For more than fifty years the Monterey Institute has offered summer intensive language instruction ranging from elementary to advanced level. This summer around 150 students are enrolled in the MIIS Summer Intensive Language Program (SILP) studying six different languages: Arabic, Chinese, French, Japanese, Russian, or Spanish in an intensive eight-week program. The program pushes students to strongly improve their language skills over the summer digesting three semesters worth of material with their full-time language focus.
Addressing the 247 graduates at the Monterey Institute’s May 21 commencement ceremony, President Sunder Ramaswamy spoke of the road ahead: “Like any proud parent, we have high expectations for you, but only because we know the great things you are capable of accomplishing.” The president talked about the different backgrounds of students hailing from places like “Belarus and Brazil, India and the Ivory Coast, Malta and Mexico, Pakistan and Paraguay, China and Russia” and the common goal that they each have of making a difference i
As many students are getting ready for new jobs, internships or summer adventures, others are gearing up for a busy summer of language learning. Among those in the latter group are the 140 students who will be attending five different Intensive English Programs at the Monterey Institute this summer.
Approximately 40 students from around the world will take part in the Intensive English as a Second Language (ESL) Summer Session eight-week long course, including six prospective Middlebury College students.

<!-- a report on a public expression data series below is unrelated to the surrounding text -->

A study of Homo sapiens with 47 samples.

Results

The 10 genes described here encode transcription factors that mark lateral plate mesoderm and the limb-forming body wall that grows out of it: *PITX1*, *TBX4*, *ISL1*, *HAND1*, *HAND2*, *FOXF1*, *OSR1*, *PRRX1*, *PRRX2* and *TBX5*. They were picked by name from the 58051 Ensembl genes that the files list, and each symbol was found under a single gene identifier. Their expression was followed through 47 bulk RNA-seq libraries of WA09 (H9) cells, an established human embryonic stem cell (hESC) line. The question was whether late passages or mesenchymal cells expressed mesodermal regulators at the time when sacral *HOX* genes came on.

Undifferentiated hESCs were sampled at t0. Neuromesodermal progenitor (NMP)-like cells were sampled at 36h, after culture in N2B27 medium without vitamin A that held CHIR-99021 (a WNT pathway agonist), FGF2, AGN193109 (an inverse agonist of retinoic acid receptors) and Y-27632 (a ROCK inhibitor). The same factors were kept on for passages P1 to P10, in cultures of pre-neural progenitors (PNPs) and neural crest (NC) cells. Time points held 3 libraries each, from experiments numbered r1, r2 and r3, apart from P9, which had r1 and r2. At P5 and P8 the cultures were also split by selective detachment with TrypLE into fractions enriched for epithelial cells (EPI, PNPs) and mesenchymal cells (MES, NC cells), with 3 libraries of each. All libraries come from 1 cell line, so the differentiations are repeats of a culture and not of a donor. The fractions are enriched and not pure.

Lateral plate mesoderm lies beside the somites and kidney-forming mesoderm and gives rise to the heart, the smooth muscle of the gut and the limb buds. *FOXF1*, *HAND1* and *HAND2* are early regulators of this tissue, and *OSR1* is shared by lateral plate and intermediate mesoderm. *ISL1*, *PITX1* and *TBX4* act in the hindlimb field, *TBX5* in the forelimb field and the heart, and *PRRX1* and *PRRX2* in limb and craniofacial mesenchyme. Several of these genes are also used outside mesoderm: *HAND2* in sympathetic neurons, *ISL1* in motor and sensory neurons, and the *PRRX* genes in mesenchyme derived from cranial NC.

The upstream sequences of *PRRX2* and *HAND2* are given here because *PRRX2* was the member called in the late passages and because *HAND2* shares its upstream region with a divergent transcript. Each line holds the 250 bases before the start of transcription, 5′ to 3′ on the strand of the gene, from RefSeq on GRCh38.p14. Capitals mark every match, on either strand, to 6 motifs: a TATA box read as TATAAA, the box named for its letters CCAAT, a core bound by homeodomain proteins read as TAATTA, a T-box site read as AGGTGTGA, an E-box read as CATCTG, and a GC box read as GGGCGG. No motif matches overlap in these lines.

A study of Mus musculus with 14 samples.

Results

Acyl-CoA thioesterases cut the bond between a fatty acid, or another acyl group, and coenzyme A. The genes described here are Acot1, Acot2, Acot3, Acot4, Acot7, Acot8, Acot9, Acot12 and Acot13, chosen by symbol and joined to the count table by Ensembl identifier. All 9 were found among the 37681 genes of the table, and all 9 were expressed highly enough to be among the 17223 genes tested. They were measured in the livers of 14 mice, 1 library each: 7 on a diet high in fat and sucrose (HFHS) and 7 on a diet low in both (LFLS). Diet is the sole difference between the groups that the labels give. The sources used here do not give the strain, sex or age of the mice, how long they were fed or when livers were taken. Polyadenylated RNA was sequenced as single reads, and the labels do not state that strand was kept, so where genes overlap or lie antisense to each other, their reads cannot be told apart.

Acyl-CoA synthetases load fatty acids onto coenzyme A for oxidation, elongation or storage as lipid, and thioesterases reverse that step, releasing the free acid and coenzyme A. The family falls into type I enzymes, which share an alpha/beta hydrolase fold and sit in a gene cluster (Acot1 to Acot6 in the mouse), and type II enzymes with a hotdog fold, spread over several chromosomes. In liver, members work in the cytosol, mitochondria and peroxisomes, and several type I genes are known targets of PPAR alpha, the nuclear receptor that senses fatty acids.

Five students from the Monterey Institute of International Studies will receive Fulbright awards for the 2011-2012 academic year, the most U.S. student awards received in the Institute’s 56-year history.
While graduating students all over the world are naturally apprehensive about entering a slow job market, Dale Eggett (TLM ’11) is among several members of the Monterey Institute’s spring graduating class with multiple job offers to choose from. Dale will graduate in May with a degree in Translation and Localization Managementand expects to start his new job in June.
The first week in May found experts from the Monterey Institute of International Studies and its James Martin Center for Nonproliferation Studies in demand from Monterey to Melbourne, as media outlets all over the globe sought comments from MIIS faculty on a wide variety of issues.
When Japan was hit with a major earthquake and tsunami in mid-March, the Monterey Institute’s tight-knit international campus community banded together immediately in search of ways to help those affected. Led by a group of Japanese-American faculty, staff and students, the community mobilized to raise funds for the Japan Society of Northern California’s Japan Earthquake and Tsunami Relief Fund. Faculty and students set up donation tables at campus events and the weekly farmer’s market in downtown Monterey.
Hundreds of MIIS community members, students, faculty, staff and alumni celebrated the diversity of the Monterey Institute campus on April 16 through the sharing of international cuisine, traditions and entertainment at the Institute’s 24th annual International Bazaar. The event kicked off at 12 noon with a performance by the local Taiko drumming troupe, Shinso Mugen Daiko.
“The key terms that come up after this invigorating conference are collaboration and distance learning,” says professor Kayoko Takeda, head of the Japanese translating and interpreting program at the Monterey Institute of International Studies and one of the organizers of the Monterey Forum.
Experts at the Monterey Institute of International Studies and its James Martin Center for Nonproliferation Studies (CNS) have been in high demand by the local, national and international media in recent days as the earthquake, tsunami and subsequent nuclear crisis in Japan have unfolded.